Stop us if you’ve heard this one, but Malaysian casino operator Genting’s $4b in-development resort on the Las Vegas Strip has been pushed back another year.
On Wednesday, the Getting Group announced that gaming industry veteran Edward Farrell (Harrah’s, Foxwoods, MGM) had been named president of Resorts World Las Vegas, Genting’s first effort to establish a casino presence in America’s top gambling hub.
The company also announced that it was pushing back RWLV’s scheduled opening by one year to 2020. If that sounds familiar, it’s because it was only last May that the company announced it was delaying RWLV’s opening by one year to 2019.
Early-stage construction is already underway on the project, but all the talk over the past couple years about younger demographics’ shifting preferences for how they spend their Vegas time apparently spooked Genting into rethinking its original design plans.
The property has made no bones about its intention to cater to Chinese-American locals and Chinese tourists so the original design featured a lot of what Farrell called “traditional, older Chinese architecture and elements.” (The plans even featured a Great Wall replica.) The Associated Press quoted Farrell saying the new design was “much more Shanghai than maybe Beijing, with technology and a modern looking feel.”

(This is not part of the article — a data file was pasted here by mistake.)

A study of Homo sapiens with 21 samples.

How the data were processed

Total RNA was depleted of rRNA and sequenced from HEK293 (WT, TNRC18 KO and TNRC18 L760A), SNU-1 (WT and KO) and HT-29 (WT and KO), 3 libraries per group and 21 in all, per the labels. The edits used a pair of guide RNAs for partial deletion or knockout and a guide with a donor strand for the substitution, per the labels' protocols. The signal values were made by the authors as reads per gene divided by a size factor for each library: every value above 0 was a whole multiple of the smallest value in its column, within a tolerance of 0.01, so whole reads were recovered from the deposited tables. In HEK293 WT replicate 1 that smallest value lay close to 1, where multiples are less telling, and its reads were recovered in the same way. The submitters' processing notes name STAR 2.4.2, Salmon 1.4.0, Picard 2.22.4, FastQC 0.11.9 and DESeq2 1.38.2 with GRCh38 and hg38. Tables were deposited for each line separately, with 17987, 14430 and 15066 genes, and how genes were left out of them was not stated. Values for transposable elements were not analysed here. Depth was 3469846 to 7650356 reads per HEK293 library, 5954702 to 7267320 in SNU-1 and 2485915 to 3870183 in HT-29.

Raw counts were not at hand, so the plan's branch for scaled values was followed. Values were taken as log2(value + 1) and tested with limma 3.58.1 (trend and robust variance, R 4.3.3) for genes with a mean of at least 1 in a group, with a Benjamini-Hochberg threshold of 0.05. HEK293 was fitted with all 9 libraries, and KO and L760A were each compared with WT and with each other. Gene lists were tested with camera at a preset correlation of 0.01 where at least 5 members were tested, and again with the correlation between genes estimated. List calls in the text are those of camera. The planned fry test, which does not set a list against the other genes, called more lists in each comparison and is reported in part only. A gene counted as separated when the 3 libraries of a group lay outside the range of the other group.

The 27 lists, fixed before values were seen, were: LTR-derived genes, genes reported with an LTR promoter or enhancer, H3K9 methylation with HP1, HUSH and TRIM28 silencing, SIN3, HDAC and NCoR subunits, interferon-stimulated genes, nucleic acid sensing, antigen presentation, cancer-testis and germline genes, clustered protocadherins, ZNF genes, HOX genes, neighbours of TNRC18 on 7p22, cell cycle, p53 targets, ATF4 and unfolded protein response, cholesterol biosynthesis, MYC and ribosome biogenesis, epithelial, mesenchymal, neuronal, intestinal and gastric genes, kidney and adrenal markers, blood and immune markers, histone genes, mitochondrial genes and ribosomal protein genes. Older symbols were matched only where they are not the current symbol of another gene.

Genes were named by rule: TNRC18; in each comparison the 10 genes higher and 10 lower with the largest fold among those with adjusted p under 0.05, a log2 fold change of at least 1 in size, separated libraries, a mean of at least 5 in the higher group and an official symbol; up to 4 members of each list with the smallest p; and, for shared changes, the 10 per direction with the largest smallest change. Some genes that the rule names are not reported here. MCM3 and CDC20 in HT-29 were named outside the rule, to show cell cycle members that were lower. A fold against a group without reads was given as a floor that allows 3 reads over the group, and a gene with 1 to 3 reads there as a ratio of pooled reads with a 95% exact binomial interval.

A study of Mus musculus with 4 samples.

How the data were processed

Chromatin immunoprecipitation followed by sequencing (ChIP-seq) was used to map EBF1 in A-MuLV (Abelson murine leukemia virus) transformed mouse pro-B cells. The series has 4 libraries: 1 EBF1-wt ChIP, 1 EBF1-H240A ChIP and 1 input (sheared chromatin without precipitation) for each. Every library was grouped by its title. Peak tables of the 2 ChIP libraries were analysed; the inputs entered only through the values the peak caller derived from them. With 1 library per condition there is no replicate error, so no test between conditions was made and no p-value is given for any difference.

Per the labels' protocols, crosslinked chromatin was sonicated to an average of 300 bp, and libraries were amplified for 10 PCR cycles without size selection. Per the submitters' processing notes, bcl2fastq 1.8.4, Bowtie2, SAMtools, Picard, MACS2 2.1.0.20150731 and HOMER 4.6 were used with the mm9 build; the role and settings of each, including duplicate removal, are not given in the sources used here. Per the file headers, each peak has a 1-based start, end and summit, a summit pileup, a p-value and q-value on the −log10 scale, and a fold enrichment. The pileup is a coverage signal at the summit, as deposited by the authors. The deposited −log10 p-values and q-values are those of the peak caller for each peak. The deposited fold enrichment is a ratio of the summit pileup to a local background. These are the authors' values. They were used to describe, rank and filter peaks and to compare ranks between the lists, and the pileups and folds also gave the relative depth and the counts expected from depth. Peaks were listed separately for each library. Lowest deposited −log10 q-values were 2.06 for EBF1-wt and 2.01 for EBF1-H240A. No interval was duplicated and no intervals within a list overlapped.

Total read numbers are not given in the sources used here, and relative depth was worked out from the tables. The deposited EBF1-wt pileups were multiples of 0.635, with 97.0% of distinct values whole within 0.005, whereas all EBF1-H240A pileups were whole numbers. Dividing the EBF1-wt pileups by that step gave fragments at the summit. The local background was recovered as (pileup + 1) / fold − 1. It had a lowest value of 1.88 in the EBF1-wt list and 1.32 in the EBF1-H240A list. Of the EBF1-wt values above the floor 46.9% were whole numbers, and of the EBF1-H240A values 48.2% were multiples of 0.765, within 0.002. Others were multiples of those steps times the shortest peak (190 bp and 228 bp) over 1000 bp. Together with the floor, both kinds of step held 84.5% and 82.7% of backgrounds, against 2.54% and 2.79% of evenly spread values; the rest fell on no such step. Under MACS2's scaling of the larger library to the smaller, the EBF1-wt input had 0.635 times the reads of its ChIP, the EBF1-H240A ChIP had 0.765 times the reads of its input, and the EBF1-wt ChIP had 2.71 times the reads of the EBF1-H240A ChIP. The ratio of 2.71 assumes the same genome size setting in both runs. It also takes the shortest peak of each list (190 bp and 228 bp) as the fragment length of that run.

Farrell told the Las Vegas Review-Journal that Genting didn’t want to “just copy what’s been done, but use technology that is coming about and be the modern casino.” While the property’s 100k-square-foot gaming floor will obviously donate a lot of space to baccarat tables, Farrell said a Nevada-licensed Genting subsidiary was already at work designing bespoke slot machines that reflect “the more modern Chinese theme.”
Genting expects construction to ramp up over the next few months and “full construction” to get underway by Q3. In addition to its gaming options, RWLV will also feature 3,200 hotel rooms spread over two towers, plus multiple restaurants, retail options, a “top-tier” nightclub and “an innovative, next-generation gaming space.”